By Michael Pauley, Executive Director of the South Dakota Catholic Conference
On November 8, 2022, voters in South Dakota will decide the fate of Initiated Measure 27, a proposal to legalize marijuana for so-called “recreational” purposes. The bishops of South Dakota issued a statement recently calling on Catholics to “oppose Measure 27 because of the numerous harms it threatens to bring to individuals, families, and our state.”
Recreational marijuana is now legal in 19 states, generating a new industry that is expected to reach $33 billion in total sales by the end of 2022. The marijuana industry is following in the footsteps of “Big Tobacco” by spending vast sums of money to convince the public that their product is harmless. Their strategy is working. A 2021 poll from the Gallup organization found that 68 percent of Americans support legalizing marijuana, although a local news media poll showed only 44 percent of South Dakotans feel the same way.
But is marijuana really a harmless drug? The science doesn’t back up this popular belief. The public is largely unaware that marijuana has become far more toxic in recent years. The psychoactive ingredient in marijuana is known as THC. Today’s marijuana has three times the concentration of THC compared to the marijuana commonly used 25 years ago.
The Substance Abuse and Mental Health Services Administration (SAMHSA) states “Marijuana can cause permanent IQ loss of as much as 8 points when people start using it at a young age. These IQ points do not come back, even after quitting marijuana.”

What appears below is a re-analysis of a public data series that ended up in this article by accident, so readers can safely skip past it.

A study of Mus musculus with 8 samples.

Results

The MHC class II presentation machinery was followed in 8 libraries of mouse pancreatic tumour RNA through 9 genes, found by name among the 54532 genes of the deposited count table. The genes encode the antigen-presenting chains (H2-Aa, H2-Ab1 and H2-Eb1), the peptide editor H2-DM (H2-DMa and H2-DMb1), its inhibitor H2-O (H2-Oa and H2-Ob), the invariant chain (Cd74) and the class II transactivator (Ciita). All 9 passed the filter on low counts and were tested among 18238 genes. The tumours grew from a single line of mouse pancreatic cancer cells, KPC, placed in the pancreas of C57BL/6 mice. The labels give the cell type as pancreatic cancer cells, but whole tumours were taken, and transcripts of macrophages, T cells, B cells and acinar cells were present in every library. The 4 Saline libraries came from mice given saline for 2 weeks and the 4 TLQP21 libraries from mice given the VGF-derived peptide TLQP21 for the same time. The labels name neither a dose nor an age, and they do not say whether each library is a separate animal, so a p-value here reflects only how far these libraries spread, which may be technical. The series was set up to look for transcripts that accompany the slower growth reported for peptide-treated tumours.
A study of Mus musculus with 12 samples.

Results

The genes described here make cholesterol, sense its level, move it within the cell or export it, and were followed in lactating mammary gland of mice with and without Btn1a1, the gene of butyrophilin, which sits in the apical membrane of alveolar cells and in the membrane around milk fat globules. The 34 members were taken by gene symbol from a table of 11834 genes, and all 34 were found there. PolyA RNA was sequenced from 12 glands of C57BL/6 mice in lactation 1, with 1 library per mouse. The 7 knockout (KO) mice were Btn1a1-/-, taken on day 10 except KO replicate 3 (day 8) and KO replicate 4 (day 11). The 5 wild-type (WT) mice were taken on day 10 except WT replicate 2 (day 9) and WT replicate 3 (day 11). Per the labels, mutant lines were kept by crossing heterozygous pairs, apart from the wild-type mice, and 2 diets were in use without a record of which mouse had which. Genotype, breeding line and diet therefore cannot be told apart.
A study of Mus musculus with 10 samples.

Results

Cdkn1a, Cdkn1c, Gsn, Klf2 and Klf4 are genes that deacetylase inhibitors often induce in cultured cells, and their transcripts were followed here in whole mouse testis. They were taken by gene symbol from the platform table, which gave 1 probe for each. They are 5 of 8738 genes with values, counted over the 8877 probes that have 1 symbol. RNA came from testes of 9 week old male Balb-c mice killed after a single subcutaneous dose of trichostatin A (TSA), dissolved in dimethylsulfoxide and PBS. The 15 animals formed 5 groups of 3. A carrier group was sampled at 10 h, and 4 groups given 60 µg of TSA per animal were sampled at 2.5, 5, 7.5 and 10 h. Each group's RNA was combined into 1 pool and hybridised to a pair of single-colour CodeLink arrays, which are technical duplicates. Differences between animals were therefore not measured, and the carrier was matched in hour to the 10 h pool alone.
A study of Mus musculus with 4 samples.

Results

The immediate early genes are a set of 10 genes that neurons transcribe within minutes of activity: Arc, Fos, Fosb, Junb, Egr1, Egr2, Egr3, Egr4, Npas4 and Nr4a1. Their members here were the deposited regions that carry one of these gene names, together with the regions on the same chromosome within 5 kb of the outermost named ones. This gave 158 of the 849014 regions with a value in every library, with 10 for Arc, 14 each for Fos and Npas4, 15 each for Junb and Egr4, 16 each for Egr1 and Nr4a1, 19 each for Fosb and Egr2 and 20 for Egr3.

The Hazelden Betty Ford Foundation, the nation’s largest non-profit provider of behavioral health care, states “Marijuana use can harm learning, thinking and memory development, and use of the drug has been linked to mental health issues, including psychosis…”
The National Institute on Drug Abuse (NIDA) reports that “Marijuana may impair judgment, motor coordination, and reaction time, and studies have found a direct relationship between blood THC concentration and impaired driving ability. Marijuana is the illicit drug most frequently found in the blood of drivers who have been involved in vehicle crashes, including fatal ones.”
In Colorado, one of the first states to legalize recreational marijuana, traffic deaths involving drivers who tested positive for marijuana have doubled following legalization. Today in Colorado, 1 in every 5 traffic deaths involves a driver who has tested positive for marijuana.
But carnage on the roadways is not the only bad fruit of legalization. A report from the Rocky Mountain High Intensity Drug Trafficking Area states, “The percent of suicide incidents in which toxicology results were positive for marijuana has increased from 14% in 2013 to 29% in 2020.” That represents a doubling of marijuana-associated suicides in Colorado since legal retail sales of marijuana commenced in 2014.
Pope Benedict XVI said in 2012, “It is the responsibility of the Church… to unmask the false promises, the lies, the fraud that is behind drugs.” Catholics in South Dakota must take up this challenge, and educate our family members, friends, and co-workers, about the harms Measure 27 could bring to our state.